A Friend of a Different Caliber

also be hazardous to the unwary rider.

My group of riding friends has always been small and intimate. It’s gotten even smaller recently as one of the two couples we routinely ride with sold their motorcycle. Health issues have caused the other couple to ride less, and rarely for great distances. Thus, my wife and I find ourselves most often alone on the bike.
We find we enjoy being on our own sometimes. There are no group decisions to make.We leave when we want, go where we want, stop for a rest when we feel like it and head for home at our own discretion. But this new-found freedom comes with a price. We’re on our own. In the event of trouble, there are no longer any friendly faces roaring along beside us.
We also prefer the smaller back roads to the more well-traveled highways and Interstates. Hopefully we can have help on the way, in case of a mechanical breakdown, with a simple cell phone call. But other forms of trouble are out there for which a cell phone my not be adequate. Taking those roads less traveled can lead you into some places that don’t often see, nor readily welcomes outsiders.
On more than one occasion, I’ve been awakened from complacently admiring beautiful scenery by angry dogs charging from somebody’s yard. I’ve also noticed suspicious glares at the two-wheeled apparition invading what is probably considered a private road.
Most of the little road-side quick stops and gas stations are friendly and welcome new customers. But not all of them are so accommodating. Even when the business owner is glad to see us, often the other clientele are not so friendly.
I don’t go out looking for trouble nor intentionally select a location where I’m not welcome. It doesn’t happen on most rides. But it only takes one time when things go really bad to change your life. I eventually came to the conclusion, if we were going to continue to ride, we would need some sort of backup. That is why I got a concealed handgun license.
This was not a decision I jumped to, nor made lightly. It is certainly not a macho or ego thing. I took this step only after much consideration. My surgery in September of last year may have also played a part in my decision. Though I am mostly recovered a year later, I still am not quite back to 100 percent of where I was before. Weak and alone is the perfect recipe for becoming a victim.
This decision comes with great responsibilities and potential burdens. Now that I’m armed, I must immediately attempt to de-escalate or escape confrontations. Letting my ego direct the course of events is no longer feasible as there is now deadly potential in the outcome. Instead of having to shoot somebody, I will apologize even though I know I’m right, or run away if I can. And if some ignorant redneck thinks I’m a coward, who cares? It doesn’t say much for my self-respect if I’m worried about his opinion. If you can’t take an insult, or your pride demands a response to any challenge, then leave the firearm at home. I’m not a police officer. It is not my intention to go into a situation, gun blazing, dispensing justice and righting wrongs. This is a resource of last resort, to avoid death or serious injury to me or my wife.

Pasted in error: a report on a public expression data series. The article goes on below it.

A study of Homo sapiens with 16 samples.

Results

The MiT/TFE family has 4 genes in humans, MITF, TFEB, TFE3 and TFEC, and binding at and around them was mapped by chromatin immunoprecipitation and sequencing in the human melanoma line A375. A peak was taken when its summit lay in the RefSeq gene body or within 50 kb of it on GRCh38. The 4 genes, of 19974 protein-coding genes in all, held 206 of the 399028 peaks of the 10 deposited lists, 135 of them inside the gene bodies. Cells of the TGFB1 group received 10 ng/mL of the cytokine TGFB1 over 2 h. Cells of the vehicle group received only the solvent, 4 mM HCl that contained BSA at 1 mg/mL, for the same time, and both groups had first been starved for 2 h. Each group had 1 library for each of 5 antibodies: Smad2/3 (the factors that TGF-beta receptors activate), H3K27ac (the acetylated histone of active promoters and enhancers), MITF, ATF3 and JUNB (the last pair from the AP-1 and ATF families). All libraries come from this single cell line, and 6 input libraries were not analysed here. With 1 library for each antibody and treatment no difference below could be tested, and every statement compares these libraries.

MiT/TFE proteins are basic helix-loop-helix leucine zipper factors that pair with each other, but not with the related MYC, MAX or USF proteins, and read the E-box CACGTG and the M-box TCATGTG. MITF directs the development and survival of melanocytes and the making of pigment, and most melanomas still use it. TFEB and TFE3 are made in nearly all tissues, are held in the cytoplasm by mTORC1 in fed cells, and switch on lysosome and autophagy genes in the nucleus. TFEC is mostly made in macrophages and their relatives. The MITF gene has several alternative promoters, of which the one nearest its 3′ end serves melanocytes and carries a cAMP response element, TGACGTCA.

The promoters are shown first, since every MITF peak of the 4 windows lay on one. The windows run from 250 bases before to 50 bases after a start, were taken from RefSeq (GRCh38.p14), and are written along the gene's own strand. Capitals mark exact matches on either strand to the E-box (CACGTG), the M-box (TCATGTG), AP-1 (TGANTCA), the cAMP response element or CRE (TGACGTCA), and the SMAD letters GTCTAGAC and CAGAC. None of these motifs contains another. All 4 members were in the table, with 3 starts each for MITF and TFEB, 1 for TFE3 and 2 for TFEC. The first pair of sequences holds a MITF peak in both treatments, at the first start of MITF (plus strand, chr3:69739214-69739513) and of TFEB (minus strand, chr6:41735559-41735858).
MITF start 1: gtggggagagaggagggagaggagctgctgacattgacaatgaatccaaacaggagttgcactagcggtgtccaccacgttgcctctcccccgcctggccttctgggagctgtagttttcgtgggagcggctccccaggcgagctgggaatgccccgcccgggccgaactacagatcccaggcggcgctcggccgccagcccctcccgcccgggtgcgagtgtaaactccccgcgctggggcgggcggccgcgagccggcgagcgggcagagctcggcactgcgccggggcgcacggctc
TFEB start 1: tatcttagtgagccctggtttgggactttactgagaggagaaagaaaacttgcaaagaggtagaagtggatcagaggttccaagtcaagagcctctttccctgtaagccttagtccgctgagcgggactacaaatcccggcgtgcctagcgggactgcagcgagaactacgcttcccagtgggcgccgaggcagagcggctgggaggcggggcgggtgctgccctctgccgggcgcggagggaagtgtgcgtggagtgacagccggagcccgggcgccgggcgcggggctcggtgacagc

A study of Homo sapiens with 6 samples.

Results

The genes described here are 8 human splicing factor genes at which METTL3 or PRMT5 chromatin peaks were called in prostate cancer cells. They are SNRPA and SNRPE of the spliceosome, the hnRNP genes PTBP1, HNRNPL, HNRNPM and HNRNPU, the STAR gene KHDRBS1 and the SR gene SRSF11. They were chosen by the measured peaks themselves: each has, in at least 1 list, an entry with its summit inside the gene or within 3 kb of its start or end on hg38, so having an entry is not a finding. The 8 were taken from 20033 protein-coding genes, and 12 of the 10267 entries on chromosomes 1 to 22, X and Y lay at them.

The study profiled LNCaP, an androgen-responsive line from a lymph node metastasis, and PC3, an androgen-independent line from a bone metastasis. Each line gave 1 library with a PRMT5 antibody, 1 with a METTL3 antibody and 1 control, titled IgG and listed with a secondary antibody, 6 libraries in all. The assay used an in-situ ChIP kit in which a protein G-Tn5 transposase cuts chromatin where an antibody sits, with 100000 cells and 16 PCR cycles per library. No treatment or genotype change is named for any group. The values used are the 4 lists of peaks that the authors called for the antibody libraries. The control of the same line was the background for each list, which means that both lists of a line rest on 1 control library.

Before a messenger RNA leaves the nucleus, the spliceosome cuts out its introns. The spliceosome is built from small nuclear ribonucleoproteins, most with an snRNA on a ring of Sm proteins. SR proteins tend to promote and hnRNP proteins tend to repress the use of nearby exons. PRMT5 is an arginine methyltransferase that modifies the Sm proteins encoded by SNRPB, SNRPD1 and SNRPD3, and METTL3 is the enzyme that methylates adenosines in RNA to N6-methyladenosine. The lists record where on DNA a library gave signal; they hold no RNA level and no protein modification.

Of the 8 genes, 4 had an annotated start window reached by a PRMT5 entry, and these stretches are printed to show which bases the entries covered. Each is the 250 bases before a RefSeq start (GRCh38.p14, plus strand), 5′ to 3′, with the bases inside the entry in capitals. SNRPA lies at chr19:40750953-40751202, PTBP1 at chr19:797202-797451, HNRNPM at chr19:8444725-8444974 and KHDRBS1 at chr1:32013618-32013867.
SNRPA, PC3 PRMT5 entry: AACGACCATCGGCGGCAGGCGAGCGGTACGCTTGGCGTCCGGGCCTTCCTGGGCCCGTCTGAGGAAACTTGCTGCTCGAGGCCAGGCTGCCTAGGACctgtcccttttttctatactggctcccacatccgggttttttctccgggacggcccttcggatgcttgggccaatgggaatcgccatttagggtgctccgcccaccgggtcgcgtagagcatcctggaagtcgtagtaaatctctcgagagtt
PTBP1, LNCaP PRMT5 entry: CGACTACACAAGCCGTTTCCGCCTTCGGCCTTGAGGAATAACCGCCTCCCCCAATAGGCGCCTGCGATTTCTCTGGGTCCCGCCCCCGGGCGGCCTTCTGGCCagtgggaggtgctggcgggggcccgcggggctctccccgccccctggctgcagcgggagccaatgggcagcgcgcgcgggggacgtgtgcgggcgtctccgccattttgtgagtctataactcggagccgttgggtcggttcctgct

In the unfortunate event I am ever forced to use my weapon, it will not be without consequences. The use will have been justified. I won’t pull it out otherwise. But if the only witness are the perps’ friends, I may not come off so well. Even without hostile witnesses, once law enforcement arrives, I will undoubtably be cuffed and hauled off to jail until they can sort the situation out.
Once the authorities clear me, there is the strong possibility of litigation by the perps’ friends and family. I may well wind up spending ten of thousands of dollars in legal fees, even though my actions were perfectly justified.
But at the end of the day, an old cliché says it perfectly. “I’d rather be judged by 12 of my peers than carried by six of my friends. And I’d much rather my wife have to watch me put in a cell, than me to watch her put in a grave.
My plan is to never need this option. But just like helmets and seat belts, you can’t wait until you need them to get them. Having a gun you don’t need is far better than needing a gun you don’t have.

- Guy Wheatley

2 Responses

  1. Bill Ferguson Says:

    Well said Guy,I’ve been wanting to get mine also.I’ve found myself in similar situations sense riding alone.

  2. Steve Says:

    I agree. Some of those back roads can be dangerous. I would consider getting a concealed handgun license myself if i didn’t ride in large groups.